Transformation of metabolism with age and lifestyle in Antarctic seals: a case study of systems biology approach to cross-species microarray experiment

Colorado State University Department of Biology, Fort Collins, CO 80523, USA.
BMC Systems Biology (Impact Factor: 2.44). 09/2010; 4(1):133. DOI: 10.1186/1752-0509-4-133
Source: PubMed


The metabolic transformation that changes Weddell seal pups born on land into aquatic animals is not only interesting for the study of general biology, but it also provides a model for the acquired and congenital muscle disorders which are associated with oxygen metabolism in skeletal muscle. However, the analysis of gene expression in seals is hampered by the lack of specific microarrays and the very limited annotation of known Weddell seal (Leptonychotes weddellii) genes.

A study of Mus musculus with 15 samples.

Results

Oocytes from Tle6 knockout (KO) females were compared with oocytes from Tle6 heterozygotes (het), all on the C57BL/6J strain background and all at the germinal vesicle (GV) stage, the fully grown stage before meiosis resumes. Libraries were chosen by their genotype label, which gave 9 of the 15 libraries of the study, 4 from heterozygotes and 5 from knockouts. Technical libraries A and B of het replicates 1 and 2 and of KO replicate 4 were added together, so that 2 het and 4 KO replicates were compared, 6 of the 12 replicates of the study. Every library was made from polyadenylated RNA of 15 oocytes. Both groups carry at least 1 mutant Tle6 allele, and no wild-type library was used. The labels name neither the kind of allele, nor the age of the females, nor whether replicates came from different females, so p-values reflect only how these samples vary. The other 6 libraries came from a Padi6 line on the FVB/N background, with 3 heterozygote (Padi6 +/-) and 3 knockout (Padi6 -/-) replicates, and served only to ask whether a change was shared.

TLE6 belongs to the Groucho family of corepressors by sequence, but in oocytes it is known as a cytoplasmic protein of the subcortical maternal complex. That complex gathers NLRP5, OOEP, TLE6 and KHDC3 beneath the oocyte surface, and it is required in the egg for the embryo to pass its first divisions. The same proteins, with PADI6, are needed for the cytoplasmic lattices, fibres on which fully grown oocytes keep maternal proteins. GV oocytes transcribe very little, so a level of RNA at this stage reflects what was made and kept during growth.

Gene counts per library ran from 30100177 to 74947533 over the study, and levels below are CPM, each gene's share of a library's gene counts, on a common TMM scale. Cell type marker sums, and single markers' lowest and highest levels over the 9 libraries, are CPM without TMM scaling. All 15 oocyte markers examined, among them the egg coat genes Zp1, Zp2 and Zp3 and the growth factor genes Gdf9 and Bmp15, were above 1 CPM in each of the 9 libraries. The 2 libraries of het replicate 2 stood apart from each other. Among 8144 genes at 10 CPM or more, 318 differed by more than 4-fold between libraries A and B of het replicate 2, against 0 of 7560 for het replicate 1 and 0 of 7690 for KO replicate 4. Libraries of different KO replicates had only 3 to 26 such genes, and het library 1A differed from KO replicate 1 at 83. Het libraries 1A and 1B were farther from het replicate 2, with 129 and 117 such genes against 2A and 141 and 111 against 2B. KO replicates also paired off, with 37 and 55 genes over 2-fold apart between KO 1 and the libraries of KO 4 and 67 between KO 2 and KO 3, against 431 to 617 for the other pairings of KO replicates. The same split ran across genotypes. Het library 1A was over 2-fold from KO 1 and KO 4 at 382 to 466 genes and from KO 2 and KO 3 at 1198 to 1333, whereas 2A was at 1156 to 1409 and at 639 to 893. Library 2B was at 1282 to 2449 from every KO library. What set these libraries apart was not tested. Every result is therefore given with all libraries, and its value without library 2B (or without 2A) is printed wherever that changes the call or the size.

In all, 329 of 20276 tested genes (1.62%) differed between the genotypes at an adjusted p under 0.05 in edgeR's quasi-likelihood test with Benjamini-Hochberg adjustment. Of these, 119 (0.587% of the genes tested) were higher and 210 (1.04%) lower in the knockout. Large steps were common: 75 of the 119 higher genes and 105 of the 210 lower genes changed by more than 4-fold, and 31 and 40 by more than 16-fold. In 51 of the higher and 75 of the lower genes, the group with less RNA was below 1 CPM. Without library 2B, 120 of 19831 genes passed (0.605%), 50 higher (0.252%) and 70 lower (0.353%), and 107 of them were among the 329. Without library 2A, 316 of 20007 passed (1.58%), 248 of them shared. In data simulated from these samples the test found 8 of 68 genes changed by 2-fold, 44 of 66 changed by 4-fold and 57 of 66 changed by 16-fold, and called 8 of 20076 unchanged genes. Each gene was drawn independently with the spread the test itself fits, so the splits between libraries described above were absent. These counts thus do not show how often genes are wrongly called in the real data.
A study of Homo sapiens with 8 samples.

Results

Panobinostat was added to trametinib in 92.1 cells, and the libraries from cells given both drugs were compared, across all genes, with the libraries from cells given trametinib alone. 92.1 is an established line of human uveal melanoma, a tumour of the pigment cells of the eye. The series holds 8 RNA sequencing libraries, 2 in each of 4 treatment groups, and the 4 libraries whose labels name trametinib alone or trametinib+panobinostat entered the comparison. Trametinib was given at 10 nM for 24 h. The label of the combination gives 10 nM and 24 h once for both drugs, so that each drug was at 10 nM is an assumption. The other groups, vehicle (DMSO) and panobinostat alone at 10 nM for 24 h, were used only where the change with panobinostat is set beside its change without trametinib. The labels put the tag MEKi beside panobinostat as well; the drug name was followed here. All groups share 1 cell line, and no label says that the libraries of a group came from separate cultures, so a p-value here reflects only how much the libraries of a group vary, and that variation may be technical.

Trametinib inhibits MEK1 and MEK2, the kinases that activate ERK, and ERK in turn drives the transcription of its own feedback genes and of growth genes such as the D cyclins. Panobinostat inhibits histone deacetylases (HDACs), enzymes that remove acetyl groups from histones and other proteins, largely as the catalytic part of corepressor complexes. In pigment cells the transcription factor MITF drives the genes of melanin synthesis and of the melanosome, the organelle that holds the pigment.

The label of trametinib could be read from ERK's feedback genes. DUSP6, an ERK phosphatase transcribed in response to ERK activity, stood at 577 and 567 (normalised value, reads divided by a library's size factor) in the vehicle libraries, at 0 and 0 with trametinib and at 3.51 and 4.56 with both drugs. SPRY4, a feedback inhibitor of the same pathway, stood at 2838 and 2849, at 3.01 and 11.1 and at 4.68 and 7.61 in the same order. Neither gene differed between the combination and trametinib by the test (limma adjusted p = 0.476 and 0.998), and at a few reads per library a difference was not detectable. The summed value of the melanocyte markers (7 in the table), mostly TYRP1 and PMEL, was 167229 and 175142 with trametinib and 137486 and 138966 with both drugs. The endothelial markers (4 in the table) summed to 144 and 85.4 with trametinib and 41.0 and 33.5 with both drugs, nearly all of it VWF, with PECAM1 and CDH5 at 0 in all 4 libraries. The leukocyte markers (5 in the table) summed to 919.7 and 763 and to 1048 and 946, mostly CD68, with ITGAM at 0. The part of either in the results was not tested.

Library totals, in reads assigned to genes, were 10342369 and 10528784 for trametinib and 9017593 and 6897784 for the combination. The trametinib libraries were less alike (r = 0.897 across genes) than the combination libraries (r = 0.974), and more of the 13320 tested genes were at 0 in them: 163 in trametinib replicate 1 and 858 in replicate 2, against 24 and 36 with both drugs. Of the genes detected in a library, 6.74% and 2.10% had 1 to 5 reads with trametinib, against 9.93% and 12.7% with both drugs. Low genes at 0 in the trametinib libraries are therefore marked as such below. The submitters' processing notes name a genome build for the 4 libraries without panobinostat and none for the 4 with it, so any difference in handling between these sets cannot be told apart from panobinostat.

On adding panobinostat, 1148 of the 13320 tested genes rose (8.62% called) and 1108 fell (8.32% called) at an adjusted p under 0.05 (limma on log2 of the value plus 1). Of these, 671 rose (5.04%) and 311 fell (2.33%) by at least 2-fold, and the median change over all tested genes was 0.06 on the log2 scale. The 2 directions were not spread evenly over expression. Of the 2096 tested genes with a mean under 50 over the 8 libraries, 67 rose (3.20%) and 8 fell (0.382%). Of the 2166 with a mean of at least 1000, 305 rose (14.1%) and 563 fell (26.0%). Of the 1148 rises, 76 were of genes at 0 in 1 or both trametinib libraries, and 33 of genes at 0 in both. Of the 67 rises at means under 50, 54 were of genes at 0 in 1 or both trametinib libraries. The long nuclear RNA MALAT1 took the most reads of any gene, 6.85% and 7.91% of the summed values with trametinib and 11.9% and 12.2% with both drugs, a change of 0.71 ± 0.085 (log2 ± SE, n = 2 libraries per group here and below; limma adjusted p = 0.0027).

Muscle samples from newborn, juvenile, and adult Weddell seals were collected during an Antarctic expedition. Extracted RNA was hybridized on Affymetrix Human Expression chips. Preliminary studies showed a detectable signal from at least 7000 probe sets present in all samples and replicates. Relative expression levels for these genes was used for further analysis of the biological pathways implicated in the metabolism transformation which occurs in the transition from newborn, to juvenile, to adult seals. Cytoskeletal remodeling, WNT signaling, FAK signaling, hypoxia-induced HIF1 activation, and insulin regulation were identified as being among the most important biological pathways involved in transformation.
In spite of certain losses in specificity and sensitivity, the cross-species application of gene expression microarrays is capable of solving challenging puzzles in biology. A Systems Biology approach based on gene interaction patterns can compensate adequately for the lack of species-specific genomics information.